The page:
Prolyl Hydroxylase Inhibitors: A Novel Drug Class that Protects the Bladder Against Cyclophosphamide-Induced Cystitis
Ching Man Carmen Tong, DO1, Shuvro De, MD1, Abby S. Taylor, MD1, Stacy T. Tanaka, MD1, John C. Thomas, MD1, John C. Pope, IV, MD1, Mark C. Adams, MD1, John W. Brock, III, MD1, Volker H. Haase, MD2, Douglass B. Clayton, MD1.
1Division of Pediatric Urology, Monroe Carell Jr. Children's Hospital at Vanderbilt, Nashville, TN, USA, 2Department of Medicine, Vanderbilt University Medical Center, Nashville, TN, USA.
Prolyl hydroxylase inhibitors (PHI) are a novel class of oral compounds currently in phase III clinical trials for treating anemia of chronic kidney disease. PHI exert cytoprotective effects by activating the hypoxia-inducible factor (HIF) pathway and its myriad downstream targets. In a mouse model of cyclophosphamide (CYP) cystitis, we previously showed that treatment with the PHI, dimethyloxalyglycine (DMOG), protects the bladder from CYP injury by modulation of HIF pathway. We hypothesize that a promising new oral PHI, Bay 85-3934, will provide cytoprotection in a mouse model of CYP cystitis.
All experiments were approved by our institutional animal care and use committee. To induce cystitis, 8 – 10 week old male C57BL/6 mice received 300 mg/kg of intraperitoneal (IP) CYP. To study PHI-mediated cytoprotection, experimental mice received either a single dose of IP DMOG (16 mg/animal) at the time of CYP administration or oral gavage of Bay 85-3934 (10 mg/kg) given in 3 doses 48 hours, 24 hours and 6 hours prior to CYP administration. IP saline served as vehicle control for DMOG experiments while oral 10% ethanol/ 90% sunflower oil served as vehicle control for Bay 85-3934. Animals were euthanized 48 hours after CYP administration. Measurements of inflammatory injury included ex-vivo bladder weight, bladder weight to body weight ratio, and high-throughput histologic analysis of h&e staining using a novel injury scoring system to assess urothelial integrity and transmural edema. Mouse voiding function was analyzed using Voided Spot Assays (VSA) collected over 4 hours at hour 0 and 24 hours after CYP. All VSA images were uniformly analyzed using Void Whizzard software for imageJ. Groups were compared with Mann Whitney U tests with significance set at p <0.05.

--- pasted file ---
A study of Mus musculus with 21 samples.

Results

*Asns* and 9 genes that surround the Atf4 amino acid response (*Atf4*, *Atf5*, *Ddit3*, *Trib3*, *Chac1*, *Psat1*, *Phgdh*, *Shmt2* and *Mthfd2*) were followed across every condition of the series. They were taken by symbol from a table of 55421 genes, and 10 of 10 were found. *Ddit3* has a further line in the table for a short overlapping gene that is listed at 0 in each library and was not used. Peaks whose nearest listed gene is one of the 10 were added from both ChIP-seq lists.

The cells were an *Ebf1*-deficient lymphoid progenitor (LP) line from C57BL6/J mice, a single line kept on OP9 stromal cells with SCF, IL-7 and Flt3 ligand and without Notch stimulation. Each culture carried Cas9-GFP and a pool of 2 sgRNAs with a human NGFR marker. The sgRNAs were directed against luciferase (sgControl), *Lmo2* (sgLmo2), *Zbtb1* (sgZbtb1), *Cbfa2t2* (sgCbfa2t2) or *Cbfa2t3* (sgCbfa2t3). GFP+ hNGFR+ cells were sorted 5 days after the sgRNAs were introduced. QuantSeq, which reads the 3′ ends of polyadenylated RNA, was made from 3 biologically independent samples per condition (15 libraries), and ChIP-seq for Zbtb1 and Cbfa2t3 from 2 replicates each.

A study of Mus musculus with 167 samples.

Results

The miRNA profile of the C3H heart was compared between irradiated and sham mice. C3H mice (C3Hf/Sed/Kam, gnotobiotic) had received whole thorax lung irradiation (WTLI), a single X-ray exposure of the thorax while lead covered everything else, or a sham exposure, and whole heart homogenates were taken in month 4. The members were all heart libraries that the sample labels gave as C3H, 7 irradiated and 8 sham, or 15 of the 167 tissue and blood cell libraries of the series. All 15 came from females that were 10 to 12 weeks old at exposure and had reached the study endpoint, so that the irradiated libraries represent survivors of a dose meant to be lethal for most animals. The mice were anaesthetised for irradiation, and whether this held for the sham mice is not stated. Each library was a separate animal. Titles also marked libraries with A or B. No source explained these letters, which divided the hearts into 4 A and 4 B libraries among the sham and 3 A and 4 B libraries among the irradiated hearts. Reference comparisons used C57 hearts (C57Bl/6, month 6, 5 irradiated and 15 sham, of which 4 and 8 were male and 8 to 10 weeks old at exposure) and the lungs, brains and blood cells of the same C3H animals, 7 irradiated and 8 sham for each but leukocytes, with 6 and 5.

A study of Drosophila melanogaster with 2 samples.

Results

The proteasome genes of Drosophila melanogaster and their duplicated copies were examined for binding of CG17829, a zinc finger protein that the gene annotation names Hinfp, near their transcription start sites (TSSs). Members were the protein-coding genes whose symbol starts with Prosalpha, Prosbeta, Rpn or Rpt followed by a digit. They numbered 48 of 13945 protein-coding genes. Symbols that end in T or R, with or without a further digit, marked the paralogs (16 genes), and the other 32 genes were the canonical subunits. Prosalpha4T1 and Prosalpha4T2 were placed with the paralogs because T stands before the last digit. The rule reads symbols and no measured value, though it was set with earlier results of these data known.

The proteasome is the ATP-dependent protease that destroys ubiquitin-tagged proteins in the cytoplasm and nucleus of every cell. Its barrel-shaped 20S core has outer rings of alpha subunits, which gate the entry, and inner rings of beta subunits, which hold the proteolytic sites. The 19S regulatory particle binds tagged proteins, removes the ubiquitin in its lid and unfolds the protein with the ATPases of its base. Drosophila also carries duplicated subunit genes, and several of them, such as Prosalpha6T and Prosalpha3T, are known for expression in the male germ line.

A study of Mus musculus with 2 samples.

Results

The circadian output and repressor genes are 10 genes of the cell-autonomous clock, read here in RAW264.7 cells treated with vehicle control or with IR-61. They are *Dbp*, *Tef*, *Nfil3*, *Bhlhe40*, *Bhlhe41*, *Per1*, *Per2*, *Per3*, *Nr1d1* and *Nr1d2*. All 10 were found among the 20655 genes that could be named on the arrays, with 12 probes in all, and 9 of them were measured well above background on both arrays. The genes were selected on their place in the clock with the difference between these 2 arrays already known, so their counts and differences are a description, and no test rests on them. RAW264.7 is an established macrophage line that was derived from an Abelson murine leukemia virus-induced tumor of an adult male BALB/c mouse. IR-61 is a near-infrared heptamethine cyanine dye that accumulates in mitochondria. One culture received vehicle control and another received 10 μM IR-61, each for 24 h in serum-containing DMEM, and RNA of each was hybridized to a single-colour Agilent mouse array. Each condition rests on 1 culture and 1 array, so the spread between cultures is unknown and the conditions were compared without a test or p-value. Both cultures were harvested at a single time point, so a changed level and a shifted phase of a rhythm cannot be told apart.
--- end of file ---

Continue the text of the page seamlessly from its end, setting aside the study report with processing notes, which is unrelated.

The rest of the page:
Following CYP administration, we noted reduced inflammatory changes in DMOG-treated (fig 1b) and Bay 85-3934 treated animals (fig 2b) as compared to vehicle controls (fig 1a, 2a). We also observed statistically significant reductions in ex-vivo bladder weight in the DMOG and Bay 85-3934 groups as compared to vehicle (fig 1c and 2c). Likewise, scores of transmural edema and scores of urothelial integrity were improved in the experimental groups (fig 1d and 1e, 2d and 2e, respectively). In addition, animals treated with either DMOG or Bay 85-3934 voided less frequently compared to controls (fig 1f and 2f, respectively). Figures 1g and 2g demonstrate VSA voiding patterns from mice treated with vehicle, DMOG, and Bay 85-3934, respectively.
Our results demonstrate a potential role for oral PHI treatment in patients with CYP-induced hemorrhagic cystitis. This work also emphasizes the role of acute HIF pathway activation in modulating inflammatory responses within the bladder. Future work will include the use of transgenic mouse models to better understand the mechanisms that underpin this therapeutic effect.